The results of an annual survey by the Tucson Pima Collaboration to End Homelessness found 1,380 homeless people in Pima County.
Survey results from the past six years show a steady decline in the number of homeless people found.
"I think it brings humanity to people who are sleeping outside, and lets people know what they've experienced to get to that place," said Collaboration Vice Chair Claudia Powell. "And most of the time people really want to share their experience and are really interested in talking."
The survey asked questions about a handful of demographics, and the most common answers were male (916 respondents), white (1,036) and over the age of 24 (1,068).
The survey also found that more than one-in-five respondents are considered chronically homeless.
"People who are living on the street have been let down in a lot of different ways, and what we're hoping is that our system, with the measures that we're putting in place, will not be another system that lets them down."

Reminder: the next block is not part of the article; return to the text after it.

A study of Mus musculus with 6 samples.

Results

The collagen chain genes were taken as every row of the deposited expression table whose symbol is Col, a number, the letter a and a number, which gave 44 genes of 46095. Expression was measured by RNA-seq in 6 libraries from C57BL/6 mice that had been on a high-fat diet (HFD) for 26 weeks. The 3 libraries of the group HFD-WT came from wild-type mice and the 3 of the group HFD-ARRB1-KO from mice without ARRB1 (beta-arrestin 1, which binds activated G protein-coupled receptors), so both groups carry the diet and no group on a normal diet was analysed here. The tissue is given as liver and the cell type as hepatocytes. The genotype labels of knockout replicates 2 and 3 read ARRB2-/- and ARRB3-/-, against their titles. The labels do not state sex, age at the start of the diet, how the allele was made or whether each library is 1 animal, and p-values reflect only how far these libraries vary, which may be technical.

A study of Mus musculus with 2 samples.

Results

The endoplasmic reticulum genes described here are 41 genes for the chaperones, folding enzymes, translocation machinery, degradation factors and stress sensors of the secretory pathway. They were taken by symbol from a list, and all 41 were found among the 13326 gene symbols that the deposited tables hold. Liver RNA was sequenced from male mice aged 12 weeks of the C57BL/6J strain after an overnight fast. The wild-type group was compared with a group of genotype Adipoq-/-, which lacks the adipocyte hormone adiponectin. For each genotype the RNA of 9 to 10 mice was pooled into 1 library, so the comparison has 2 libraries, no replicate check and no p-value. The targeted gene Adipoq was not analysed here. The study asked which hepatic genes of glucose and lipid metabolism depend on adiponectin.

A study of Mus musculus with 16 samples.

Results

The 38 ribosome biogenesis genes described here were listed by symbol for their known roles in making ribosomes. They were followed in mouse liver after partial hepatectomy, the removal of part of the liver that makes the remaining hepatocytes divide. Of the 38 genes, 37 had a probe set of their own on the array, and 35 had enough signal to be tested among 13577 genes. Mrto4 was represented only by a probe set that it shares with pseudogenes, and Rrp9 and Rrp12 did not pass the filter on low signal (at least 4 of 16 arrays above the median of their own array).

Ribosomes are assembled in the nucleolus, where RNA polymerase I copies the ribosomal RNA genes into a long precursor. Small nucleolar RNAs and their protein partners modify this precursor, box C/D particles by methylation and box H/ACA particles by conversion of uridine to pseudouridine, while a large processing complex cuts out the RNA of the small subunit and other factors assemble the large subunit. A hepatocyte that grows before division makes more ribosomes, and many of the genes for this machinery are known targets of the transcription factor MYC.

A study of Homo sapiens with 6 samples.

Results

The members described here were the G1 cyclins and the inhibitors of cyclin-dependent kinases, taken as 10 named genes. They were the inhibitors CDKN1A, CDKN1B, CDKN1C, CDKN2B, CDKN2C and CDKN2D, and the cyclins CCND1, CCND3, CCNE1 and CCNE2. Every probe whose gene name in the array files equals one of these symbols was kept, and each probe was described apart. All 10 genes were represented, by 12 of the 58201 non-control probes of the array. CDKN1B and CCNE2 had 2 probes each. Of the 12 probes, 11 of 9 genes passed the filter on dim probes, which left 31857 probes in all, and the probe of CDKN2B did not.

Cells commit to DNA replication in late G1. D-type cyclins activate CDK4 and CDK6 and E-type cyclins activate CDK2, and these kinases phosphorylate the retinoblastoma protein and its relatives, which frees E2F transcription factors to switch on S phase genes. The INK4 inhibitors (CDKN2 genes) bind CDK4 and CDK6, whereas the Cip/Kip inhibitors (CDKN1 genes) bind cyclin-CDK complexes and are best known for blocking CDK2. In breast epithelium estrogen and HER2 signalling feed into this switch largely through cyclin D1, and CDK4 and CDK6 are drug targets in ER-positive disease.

The primary reason for conducting the survey is to ensure funding from the U.S. Department of Housing and Urban Development.
"In addition, though, we do learn about different populations whose needs might not be being met," said Powell. "So, if we see, say, a surge in veteran homelessness, we need to think about what's happening with our programs that serve veterans."
The survey was taken early on the morning of Jan. 24, 2018, and sought answers to a handful of questions from every person who spent the previous night on the street, or in Safe Havens or transitional housing projects volunteers encountered.
More results are available on TPCH's website.